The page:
Wall Street traders pushed the stock market higher, while bond yields retreated after economic reports bolstered speculation the Federal Reserve will be able to pause its interest-rate hikes in September.
(Bloomberg) — Wall Street traders pushed the stock market higher, while bond yields retreated after economic reports bolstered speculation the Federal Reserve will be able to pause its interest-rate hikes in September.
The S&P 500 climbed 1%, heading toward its longest winning streak in a month. A rally in megacaps like Tesla Inc. and Nvidia Corp. sent the Nasdaq 100 up 2%. Treasury two-year yields, which are more sensitive to imminent policy moves, dropped 17 basis points to 4.88%. Bitcoin rallied 7% as a US court paved the way for the first exchange-traded fund tracking the cryptocurrency.
Swap contracts showed lower wagers on a Fed hike in 2023 and a greater chance of a policy pivot in the first half of 2024. Traders are currently pricing in a 56% probability of a quarter-point rate increase in November — down from 75% earlier Tuesday. They also brought forward bets on the expected start of rate cuts to June from July.
US job openings fell by more than expected to 8.83 million — a more than two-year low — offering fresh evidence that labor demand is slowing down. A separate report showed consumer confidence dropped the most in two years as souring views on jobs, higher borrowing costs and lingering inflation curbed optimism.
“The Fed reiterated its commitment to be data-dependent, and with reports like this, the Fed can most likely keep rates unchanged in September,” said Jeffrey Roach, chief economist at LPL Financial. “Investors should expect a softening labor report this Friday, further cementing the thesis that the Fed is getting close to finishing its tightening cycle.”
‘Answer to the Fed’s Prayers’
From the Fed’s perspective, the week is off to a promising start — with the Job Openings and Labor Turnover Survey much waker than expected, alongside downward revisions. Further softness over the next few months looks “plausible,” and that could lead to a cooler labor market and sustainably lower wage growth, according to Craig Erlam, senior market analyst at Oanda.
“Today’s JOLTS report was an answer to the Fed’s prayers,” offering more evidence of a “cooling economy,” said Ronald Temple, chief market strategist at Lazard.
The data precede Friday’s monthly jobs report, which is currently forecast to show employers boosted their payrolls by 170,000 in August, while the unemployment rate held at a historically low 3.5%. The average increase in job growth over the past three months would be the smallest since the start of 2021.
- Coinbase Global Inc. led a rally in cryptocurrency-related stocks after Grayscale Investments got backing from a federal court to launch the first Bitcoin ETF in the US — a watershed moment in the industry’s quest to tap billions of dollars from everyday investors.
- The $2.8 billion SPDR S&P Regional Banking ETF rose even after US regulators unveiled a proposal to boost oversight of midsize lenders and require them to be better prepared for potential failures.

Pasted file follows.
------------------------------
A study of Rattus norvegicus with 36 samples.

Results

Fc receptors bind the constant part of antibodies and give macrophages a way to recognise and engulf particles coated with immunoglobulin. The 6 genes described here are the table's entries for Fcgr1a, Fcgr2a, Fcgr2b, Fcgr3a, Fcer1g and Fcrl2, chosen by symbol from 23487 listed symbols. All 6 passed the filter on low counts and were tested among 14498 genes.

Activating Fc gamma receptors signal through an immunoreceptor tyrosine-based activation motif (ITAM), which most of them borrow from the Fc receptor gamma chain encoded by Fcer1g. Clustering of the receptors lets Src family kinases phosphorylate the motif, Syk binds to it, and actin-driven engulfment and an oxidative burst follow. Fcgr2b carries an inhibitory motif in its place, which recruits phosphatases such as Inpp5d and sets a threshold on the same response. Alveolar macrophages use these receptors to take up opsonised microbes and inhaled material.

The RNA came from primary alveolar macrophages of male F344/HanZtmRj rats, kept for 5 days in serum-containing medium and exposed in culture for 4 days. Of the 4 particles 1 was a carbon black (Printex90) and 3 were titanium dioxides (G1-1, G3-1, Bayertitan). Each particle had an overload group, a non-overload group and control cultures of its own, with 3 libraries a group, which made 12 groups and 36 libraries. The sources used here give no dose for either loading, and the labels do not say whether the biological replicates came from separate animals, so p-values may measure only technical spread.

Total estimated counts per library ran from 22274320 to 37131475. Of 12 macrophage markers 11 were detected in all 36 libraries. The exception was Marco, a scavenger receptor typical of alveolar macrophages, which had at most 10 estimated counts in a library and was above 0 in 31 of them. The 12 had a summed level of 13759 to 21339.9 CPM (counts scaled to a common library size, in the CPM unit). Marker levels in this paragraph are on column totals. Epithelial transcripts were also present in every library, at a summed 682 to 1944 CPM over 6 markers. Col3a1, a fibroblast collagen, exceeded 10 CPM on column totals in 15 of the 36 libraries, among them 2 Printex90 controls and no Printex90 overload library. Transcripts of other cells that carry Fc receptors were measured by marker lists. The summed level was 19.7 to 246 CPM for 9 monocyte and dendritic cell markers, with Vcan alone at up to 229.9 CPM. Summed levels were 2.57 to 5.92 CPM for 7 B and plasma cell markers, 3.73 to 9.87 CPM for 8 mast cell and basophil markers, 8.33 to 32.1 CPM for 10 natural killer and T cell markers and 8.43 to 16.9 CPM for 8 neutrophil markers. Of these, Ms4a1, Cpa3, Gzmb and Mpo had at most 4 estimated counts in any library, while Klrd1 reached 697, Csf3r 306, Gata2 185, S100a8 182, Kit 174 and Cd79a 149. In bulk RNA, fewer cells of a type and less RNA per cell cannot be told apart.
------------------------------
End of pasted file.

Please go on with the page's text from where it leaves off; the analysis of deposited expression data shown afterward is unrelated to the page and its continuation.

- Apple Inc. has set Sept. 12 as the date for its biggest product-upgrade event of the year, when it’s set to unveil the iPhone 15 line and next-generation smartwatches.
- A gauge of US-listed Chinese stocks rallied as Bloomberg News reported that the nation’s largest banks are preparing to cut interest rates on existing mortgages and deposits, the latest state-directed measures to shore up growth in the world’s second-largest economy.
- Best Buy Co. climbed after executives said that a painful sales slump in consumer electronics and household appliances is showing signs of easing.
- Oracle Corp. gained after UBS Group AG upgraded the software company to buy from neutral.
- Pharmaceutical giants spanning Bristol-Myers Squibb Co. to Johnson & Johnson and Eli Lilly & Co. are the first targets of President Joe Biden’s historic foray into bargaining with drugmakers to lower the cost of medicine.
Key events this week:
- Eurozone economic confidence, consumer confidence, Wednesday
- US GDP, wholesale inventories, pending home sales, Wednesday
- China manufacturing PMI, non-manufacturing PMI, Thursday
- Japan industrial production, retail sales, Thursday
- Eurozone CPI, unemployment, Thursday
- ECB publishes account of July monetary policy meeting, Thursday
- US personal spending and income, initial jobless claims, Thursday
- China Caixin manufacturing PMI, Friday
- Eurozone S&P Global Eurozone Manufacturing PMI, Friday
- South African central bank governor Lesetja Kganyago, Atlanta Fed President Raphael Bostic, BOE’s Huw Pill, IMF’s Gita Gopinath on panel at the South African Reserve Bank conference, Friday
- Boston Fed President Susan Collins speaks at virtual event, Friday
- US unemployment, nonfarm payrolls, light vehicle sales, ISM manufacturing, construction spending, Friday
Some of the main moves in markets:
- The S&P 500 rose 1.3% as of 12:35 p.m. New York time
- The Nasdaq 100 rose 2%
- The Dow Jones Industrial Average rose 0.7%
- The MSCI World index rose 1.2%
- The Bloomberg Dollar Spot Index fell 0.2%
- The euro rose 0.3% to $1.0849
- The British pound was little changed at $1.2610
- The Japanese yen rose 0.3% to 146.06 per dollar
- Bitcoin rose 7.2% to $27,843.88
- Ether rose 5.2% to $1,731.36
- The yield on 10-year Treasuries declined eight basis points to 4.12%
- Germany’s 10-year yield declined five basis points to 2.51%
- Britain’s 10-year yield declined two basis points to 4.42%
- West Texas Intermediate crude rose 0.6% to $80.55 a barrel
- Gold futures rose 0.8% to $1,962.30 an ounce
This story was produced with the assistance of Bloomberg Automation.
–With assistance from Brett Miller and Robert Brand.